Group of musicians pose for a photo with their instruments near a coca cola sign

Actor Bill Nunn on the Art and Power of Great Performance

Teenie Harris Photographs: Great Performances celebrates performances of all kinds as produced or experienced by Pittsburgh’s African American community between about 1935 and 1975. Whether it was a star showcase production from Harlem’s Apollo Theater, or a Sunday school nativity pageant, Teenie Harris was there to photograph the anticipation, excitement, and showmanship of a great performance.

Actor Bill Nunn’s work on this exhibition is also a great performance. In the midst of a battle with cancer, he has found the time and energy to sort through hundreds of Harris images, select 75 of the best, and brand this exhibition with his philosophy of the performing arts: “August Wilson and Teenie Harris brought young people and the everyday working man together with the great artists of the day.” Bill Nunn’s philosophy of art and community is also expressed in his work with the Bill Nunn Theatre Outreach Project, featured in a video by filmmaker Gregory Scott Williams, Jr. that is currently on view in the museum’s Lobby Gallery (and included here).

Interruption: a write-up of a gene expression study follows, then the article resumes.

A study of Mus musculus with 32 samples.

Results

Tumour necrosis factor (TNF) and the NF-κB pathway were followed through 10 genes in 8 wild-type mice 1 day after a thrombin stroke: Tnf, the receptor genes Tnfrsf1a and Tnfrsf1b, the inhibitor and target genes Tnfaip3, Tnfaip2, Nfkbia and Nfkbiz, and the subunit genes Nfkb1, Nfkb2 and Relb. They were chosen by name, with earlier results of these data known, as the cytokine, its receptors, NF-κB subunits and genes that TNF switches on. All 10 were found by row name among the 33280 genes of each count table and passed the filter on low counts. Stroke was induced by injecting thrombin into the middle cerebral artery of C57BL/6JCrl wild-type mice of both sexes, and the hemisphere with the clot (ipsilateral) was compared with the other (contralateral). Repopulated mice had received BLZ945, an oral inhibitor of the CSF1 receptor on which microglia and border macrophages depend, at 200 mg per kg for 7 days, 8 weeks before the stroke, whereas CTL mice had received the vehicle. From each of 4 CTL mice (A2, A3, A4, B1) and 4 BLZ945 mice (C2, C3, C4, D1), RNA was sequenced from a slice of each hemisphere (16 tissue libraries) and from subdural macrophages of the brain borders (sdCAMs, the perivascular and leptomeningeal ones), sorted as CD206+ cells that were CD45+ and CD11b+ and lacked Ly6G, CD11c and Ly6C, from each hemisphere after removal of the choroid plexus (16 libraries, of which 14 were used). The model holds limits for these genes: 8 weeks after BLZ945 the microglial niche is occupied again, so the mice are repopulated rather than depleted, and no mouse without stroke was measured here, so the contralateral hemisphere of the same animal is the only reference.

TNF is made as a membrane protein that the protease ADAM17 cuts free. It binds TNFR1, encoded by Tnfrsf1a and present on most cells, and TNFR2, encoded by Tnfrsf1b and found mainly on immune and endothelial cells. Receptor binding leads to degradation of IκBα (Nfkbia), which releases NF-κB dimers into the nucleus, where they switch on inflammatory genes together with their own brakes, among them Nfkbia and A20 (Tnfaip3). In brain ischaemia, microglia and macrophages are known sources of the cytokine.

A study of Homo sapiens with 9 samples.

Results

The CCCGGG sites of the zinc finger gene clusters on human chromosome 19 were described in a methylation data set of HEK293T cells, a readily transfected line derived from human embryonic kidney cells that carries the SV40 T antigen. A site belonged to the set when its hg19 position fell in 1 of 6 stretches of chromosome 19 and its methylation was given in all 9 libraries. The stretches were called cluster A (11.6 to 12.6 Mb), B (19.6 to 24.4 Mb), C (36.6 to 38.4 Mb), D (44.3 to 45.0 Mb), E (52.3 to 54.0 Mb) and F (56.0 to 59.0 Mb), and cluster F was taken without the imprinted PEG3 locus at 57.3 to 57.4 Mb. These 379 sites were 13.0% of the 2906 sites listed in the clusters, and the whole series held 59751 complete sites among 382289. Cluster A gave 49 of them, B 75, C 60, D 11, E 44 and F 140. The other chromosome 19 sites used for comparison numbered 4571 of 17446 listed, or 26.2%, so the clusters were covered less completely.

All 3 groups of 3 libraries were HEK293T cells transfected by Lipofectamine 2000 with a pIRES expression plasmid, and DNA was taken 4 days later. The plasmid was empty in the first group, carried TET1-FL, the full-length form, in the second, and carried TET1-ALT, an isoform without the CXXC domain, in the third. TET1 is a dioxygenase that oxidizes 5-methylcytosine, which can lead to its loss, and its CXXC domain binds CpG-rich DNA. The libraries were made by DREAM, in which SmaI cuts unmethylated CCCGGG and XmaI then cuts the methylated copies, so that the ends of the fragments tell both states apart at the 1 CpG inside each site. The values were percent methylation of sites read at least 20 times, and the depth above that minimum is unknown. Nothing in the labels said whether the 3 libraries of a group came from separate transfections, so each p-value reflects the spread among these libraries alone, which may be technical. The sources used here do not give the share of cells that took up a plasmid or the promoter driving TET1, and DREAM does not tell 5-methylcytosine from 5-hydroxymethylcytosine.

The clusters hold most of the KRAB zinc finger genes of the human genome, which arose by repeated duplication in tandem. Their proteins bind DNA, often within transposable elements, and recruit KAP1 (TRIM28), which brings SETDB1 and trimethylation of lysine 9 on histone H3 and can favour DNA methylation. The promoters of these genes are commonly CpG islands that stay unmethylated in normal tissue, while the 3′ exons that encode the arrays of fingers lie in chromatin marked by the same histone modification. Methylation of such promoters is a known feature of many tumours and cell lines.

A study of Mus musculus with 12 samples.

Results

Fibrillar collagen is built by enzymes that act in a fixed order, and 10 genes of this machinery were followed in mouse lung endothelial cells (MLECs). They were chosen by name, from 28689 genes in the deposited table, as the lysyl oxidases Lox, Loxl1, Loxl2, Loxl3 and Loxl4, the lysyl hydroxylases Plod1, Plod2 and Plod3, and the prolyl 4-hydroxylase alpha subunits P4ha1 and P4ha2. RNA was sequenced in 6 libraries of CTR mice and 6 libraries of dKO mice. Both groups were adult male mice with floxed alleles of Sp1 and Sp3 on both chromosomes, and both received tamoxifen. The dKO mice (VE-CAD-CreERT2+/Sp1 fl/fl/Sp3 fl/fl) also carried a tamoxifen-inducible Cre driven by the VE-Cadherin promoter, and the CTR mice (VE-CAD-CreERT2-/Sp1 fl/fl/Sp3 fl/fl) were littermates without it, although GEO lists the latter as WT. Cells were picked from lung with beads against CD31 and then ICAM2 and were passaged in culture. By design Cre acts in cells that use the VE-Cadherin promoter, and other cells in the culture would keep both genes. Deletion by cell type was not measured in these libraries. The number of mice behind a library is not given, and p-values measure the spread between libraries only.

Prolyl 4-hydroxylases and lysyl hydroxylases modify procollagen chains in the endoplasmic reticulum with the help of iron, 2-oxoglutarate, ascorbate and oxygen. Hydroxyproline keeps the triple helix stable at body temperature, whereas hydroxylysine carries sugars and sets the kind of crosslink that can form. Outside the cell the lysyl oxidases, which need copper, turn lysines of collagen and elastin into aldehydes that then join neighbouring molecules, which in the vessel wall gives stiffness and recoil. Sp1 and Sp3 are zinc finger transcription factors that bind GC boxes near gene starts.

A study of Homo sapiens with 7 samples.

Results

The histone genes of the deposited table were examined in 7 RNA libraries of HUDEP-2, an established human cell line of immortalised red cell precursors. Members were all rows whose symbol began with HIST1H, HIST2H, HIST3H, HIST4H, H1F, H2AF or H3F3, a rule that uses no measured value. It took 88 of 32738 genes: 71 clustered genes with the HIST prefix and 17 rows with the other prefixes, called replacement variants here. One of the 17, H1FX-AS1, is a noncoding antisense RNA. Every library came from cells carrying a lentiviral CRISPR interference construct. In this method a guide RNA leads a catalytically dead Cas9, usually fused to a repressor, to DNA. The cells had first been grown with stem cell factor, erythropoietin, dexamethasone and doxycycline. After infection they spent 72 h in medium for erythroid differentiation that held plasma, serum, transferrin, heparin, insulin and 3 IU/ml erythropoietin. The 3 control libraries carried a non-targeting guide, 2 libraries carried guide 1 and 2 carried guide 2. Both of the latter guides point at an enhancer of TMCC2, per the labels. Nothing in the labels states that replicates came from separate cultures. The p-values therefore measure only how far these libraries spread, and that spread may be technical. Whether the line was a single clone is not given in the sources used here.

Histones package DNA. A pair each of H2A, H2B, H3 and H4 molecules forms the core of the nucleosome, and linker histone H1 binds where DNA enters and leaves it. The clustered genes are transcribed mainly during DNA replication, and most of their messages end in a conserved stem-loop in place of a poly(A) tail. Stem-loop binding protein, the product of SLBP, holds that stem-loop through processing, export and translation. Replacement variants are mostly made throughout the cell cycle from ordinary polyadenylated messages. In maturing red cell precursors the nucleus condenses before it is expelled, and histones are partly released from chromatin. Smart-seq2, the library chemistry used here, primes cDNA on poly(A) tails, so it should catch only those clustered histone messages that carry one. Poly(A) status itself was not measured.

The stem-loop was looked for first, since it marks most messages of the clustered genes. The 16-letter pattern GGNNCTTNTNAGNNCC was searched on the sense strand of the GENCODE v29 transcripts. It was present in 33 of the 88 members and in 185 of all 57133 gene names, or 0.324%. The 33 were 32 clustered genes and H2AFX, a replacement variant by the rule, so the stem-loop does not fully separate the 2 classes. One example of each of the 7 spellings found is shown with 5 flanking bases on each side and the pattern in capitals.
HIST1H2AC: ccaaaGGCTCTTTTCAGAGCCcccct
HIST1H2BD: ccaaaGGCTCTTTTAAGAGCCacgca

The Teenie Harris Archive at Carnegie Museum of Art (CMOA) and the August Wilson Center (AWC) are both dedicated to preserving, presenting, and sharing the work of two of the region’s most famous and important artists. It is especially fitting that this exhibition celebrating the renewal of the August Wilson Center can be seen at both institutions—with Great Performances Onstage at AWC, and its complement, Great Performances Offstage, here at CMOA.

Image credit (top): Charles “Teenie” Harris, Sgt. William H. Carney VFW Post 46 band including Stoney Gloster on trumpet on left, and Littleton Coleman “Rich” Richardson and Leroy Brown on saxophones, standing in front of drug store, 608 Kirkpatrick Street, Hill District, ca. 1941–1946. Carnegie Museum of Art, Heinz Family.

The exhibition Teenie Harris Photographs: Great Performances Offstage, currently on view in the museum’s Lobby Gallery, runs from January 22, 2016 to July 17, 2016.